The art of choosing the right hide for the right leather.

During our production process, at three separate occasions, the hides are graded into different categories according to their natural surface marks. These determine whether the hides should become aniline, semi-aniline or technical leather.

Naked aniline leather is only given a light surface coating for protection. Semi-aniline leather is a successful compromise that combines a natural finish with comfort and durability. Technical leather must withstand tough wear strong light, and must be easy to clean. Extra surface treatment and pigmented finishes cover most of the leather’s natural structure.

Three leather types. Three characteristics.

ANILINE LEATHER. More beautiful with age

Aniline Leather is dyed through and given only a light surface protection. This allows the leather to breathe, and leaves it extremely comfortable and soft. Aniline leather ages very gracefully. A frequently used sofa in aniline leather acquires its own patina over the years. As with all delicate materials, this natural surface is sensitive and needs careful maintenance.

Our manufacturing of aniline leather requires highly specialized knowledge of tanning, dyeing, sorting and processing. The same level of expertise is required of the furniture manufacturer, who has to select the right leather for each individual furniture model and the right part of the hide for each part of the furniture.

SEMI-ANILINE LEATHER. Soft and supple.

The majority of our hides are made into semi-aniline leather. After being dyed-through, they are given a light pigmented coating that makes the leather more durable and easier to care for. Our careful dyeing and surface finishing methods ensure that the leather maintains a natural, comfortable touch while making it more resistant to wear and tear, whether it is destined for public or private use. It is easy to clean, and does not age as visibly as aniline leather.

TECHNICAL LEATHER. Leather for extreme environments.

Technical leather undergoes the same processes as aniline and semi-aniline leather, but is given additional pigmented finishing and other treatments to meet the standards of the automotive and aviation industries. As a result, technical leather lacks some structure of the natural hide. It is extremely tough, durable and easy to clean and maintain.


Through-dyeing and light surface treatment.


Through-dyeing and light pigmented finish.


Through-dyeing, pigmented finish and additional surface treatment.

From raw hide to leather in 30 days

The following pictures show a small selection of pictures from our production. The pictures appear in chronological order, but do not show the whole production process.

  1. Raw hide
  2. After liming and tanning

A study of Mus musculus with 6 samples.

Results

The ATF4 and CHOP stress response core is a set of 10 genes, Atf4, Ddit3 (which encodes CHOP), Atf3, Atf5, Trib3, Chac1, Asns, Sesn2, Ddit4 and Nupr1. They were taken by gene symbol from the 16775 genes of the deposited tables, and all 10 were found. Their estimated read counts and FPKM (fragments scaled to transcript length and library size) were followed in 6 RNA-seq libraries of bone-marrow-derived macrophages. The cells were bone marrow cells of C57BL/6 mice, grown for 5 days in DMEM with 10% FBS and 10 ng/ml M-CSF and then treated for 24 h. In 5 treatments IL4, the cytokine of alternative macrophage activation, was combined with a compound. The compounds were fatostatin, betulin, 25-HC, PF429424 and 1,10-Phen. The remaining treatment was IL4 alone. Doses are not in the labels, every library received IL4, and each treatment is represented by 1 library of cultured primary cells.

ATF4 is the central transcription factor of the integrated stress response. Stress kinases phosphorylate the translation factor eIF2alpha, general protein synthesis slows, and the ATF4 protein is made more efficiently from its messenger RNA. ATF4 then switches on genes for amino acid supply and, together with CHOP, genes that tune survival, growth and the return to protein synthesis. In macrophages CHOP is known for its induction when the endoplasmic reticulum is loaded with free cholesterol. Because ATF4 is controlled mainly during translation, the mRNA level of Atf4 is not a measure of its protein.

3. After re-tanning and dyeing
  4. Finished aniline leather
  5. Finished semi-aniline leather
  6. Finished technical leather

ILSBrief outline of leather production. For a better understanding of what happens at the  various stages, compare the numbers with the samples to the right.

The wet part of the tanning process


We use the world’s finest raw material; bovine hides from Scandinavia. The hides weigh over 25 kg each, and are salted before delivery to protect them from damage during transit and storage.

Tanning is the process used to preserve the hides. Prior to tanning, the hides are prepared through processes known as soaking, liming and fleshing.

The tanning process takes approximately 48 hours.

Once tanned, the hides are graded into various categories. This process is known as wet blue sorting. All hides are light blue or cream colored at this stage.

Experienced graders perform a visual inspection of hides. This vital initial grading process determines which hides are allocated to become aniline, semi-aniline, or technical leather. Only 100% flawless hides are approved for aniline leather, because of the characteristic nakedness of this leather.

The two graders use a special sign language to show their chosen grade for each individual hide, and the lowest grade “wins”. This reduces the risks of overrating the hides
ILS After being sorted, trimmed and inspected, the hides pass to the next stage.


The hides, which are approximately 4 mm thick, have now been split into two layers and shaved to the required thickness. The grain side of the hides are now re-tanned and dyed. All hides are dyed through and are given their final basic color at this stage. The lower part of the hide (called the split) is not used in our production, but sold to manufacturers of leather for shoes and small leather goods.


The dry part of the tanning process

The hides are stretched and dried in various ways, depending on the end product.
ILS After tanning, base dyeing, and drying, the hides undergo a second grading process to determine which should be made into aniline, semi-aniline and technical leather.

At the finishing department, the leather is milled and given its correct final shade and softness. Technical leather is also embossed (given its surface and structure). Here, solid know-how and sensitive hands and eyes combine with the latest technology.